Today, Mitt Romney's "Hispanderfiesta Radar" was on high alert. With just 50 days left to go until the presidential elections and new poll numbers show that the Romney campaign has done very little to improve his standing among US Latino voters (especially US Latina voters), today was clearly a "Hispanic" day for the campaign.
First off, was a new "Herencia Hispana" ad that was released this morning to celebrate Hispanic Heritage Month, where Romney started rolling off the accomplishments of some prominent Latinos, including Roberto Clemente and Celia Cruz (whose name Romney pronounced as "See-lia"), two deceased legends who can't tell Romney that he is using their likeness in a political ad.
Then if was off to Los Angeles and a speech that Romney gave to the Hispanic Chamber of Commerce convention. At the beginning of his speech (the full speech can be seen here on C-SPAN), Romney made it a point to say the following: "The Republican Party is the rightful home of Hispanic Americans." The line got no applause.
Romney also exhibited a more moderate stance on immigration, as the following clip shows. Did you know that his dad was born in Mexico?
This is all in contrast to a leaked clip of a speech Romney was giving that became public last week. In that video, Romney joked about the fact that he wasn't Latino to a group of donors. The entire video has now gone viral and is being shared throughout many political media outlets.
In addition, we do find it a bit amazing that Romney—even when given the opportunity—fails to acknowledge what he said during the GOP primary season really turned off a lot of Latino voters. It is clear to us that Romney now lacks the political cojones to be a bit more truthful in what he has said in the past and what he is saying 50 days before the election. Given the fact that Arizona SB 1070 architect Kris Kobach is still a key player on the Romney team, all this Romney focus on the Latino vote is just window dressing. It's like the HAVE to do it, but they don't realize that the change is message is just being seen as ironically funny.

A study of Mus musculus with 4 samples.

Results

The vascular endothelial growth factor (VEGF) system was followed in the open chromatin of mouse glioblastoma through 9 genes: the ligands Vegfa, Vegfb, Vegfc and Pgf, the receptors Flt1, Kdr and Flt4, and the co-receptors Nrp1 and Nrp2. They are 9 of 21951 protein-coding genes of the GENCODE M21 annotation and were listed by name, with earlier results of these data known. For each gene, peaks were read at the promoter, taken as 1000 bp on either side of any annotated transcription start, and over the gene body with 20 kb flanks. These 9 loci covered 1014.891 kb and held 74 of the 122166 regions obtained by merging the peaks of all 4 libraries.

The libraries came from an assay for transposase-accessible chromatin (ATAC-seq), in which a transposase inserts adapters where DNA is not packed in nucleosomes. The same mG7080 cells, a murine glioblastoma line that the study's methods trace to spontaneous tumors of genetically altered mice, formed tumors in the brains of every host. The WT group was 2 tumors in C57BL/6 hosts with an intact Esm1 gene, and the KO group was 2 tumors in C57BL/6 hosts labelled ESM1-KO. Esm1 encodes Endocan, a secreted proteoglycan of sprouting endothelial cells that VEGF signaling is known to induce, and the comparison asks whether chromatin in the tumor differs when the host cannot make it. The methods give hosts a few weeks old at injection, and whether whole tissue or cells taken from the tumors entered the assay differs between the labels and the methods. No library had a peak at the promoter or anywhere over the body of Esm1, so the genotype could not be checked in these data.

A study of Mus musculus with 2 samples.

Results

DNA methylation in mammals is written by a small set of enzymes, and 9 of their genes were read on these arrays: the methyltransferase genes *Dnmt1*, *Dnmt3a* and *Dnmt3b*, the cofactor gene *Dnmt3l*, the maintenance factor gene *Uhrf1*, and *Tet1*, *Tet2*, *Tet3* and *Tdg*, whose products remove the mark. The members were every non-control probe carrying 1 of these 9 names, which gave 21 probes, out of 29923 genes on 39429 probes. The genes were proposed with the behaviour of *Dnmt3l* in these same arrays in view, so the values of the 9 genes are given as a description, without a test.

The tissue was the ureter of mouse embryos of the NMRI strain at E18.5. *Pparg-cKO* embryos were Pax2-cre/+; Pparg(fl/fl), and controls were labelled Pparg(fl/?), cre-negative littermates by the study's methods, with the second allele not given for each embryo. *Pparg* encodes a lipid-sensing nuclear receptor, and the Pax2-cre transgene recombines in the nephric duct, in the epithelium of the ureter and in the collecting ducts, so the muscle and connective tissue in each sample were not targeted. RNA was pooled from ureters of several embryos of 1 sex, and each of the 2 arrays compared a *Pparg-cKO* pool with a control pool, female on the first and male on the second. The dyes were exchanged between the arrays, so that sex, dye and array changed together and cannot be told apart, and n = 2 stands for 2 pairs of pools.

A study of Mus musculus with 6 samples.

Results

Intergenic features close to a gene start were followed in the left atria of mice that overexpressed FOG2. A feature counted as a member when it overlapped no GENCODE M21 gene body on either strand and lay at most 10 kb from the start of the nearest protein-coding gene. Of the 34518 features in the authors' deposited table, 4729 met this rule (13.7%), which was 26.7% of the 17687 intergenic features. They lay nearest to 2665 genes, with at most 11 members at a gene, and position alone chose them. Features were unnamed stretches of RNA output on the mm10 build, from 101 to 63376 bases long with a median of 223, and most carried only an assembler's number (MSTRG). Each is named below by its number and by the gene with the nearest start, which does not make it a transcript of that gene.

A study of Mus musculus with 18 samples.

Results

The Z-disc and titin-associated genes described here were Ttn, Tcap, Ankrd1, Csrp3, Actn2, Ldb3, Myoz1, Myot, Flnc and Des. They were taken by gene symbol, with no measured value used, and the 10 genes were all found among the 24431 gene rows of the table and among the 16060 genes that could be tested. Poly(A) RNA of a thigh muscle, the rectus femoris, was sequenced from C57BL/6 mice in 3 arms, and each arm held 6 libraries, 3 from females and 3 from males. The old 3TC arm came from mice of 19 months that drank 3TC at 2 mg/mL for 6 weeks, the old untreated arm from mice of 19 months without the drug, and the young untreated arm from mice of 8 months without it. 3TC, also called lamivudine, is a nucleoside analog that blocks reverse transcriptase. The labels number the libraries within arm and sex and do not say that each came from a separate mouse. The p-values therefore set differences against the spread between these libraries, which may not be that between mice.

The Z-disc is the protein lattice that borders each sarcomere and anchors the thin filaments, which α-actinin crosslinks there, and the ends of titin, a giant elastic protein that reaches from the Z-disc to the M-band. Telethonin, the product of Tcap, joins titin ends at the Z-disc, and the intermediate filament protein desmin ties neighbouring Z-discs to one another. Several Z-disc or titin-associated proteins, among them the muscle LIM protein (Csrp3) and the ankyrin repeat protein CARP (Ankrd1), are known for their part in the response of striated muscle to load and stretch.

How do you go from pushing "self-deportation" and calling Arizona a "model" for the nation to now sounding a bit more moderate and bipartisan? Even though voters can think beyond immigration, it is still a wedge issue. Don't take it from us, since the latest poll numbers show that Romney still can't increase his support with US Latino voters. And this is after rolling out all those last names with vowels, accents, and "ñ's" at the RNC.
What Romney should have done is admit the truth: I had to be more extreme than Rick Perry on immigration and I had to make my draft picks (Kobach, Joe Arpaio, Jan Brewer) for the national election. Now I am stuck with Kobach and others because, quite frankly, I can't upset that base in the Republican Party that borders on neo-nativism and doesn't see that maybe we should have been a bit more inclusive in our handling of all this. But, heck, I had to beat Rick Perry at the time.
Sadly for Romney, voters have a better memory than he would like to think. And they also have YouTube. Roll the film.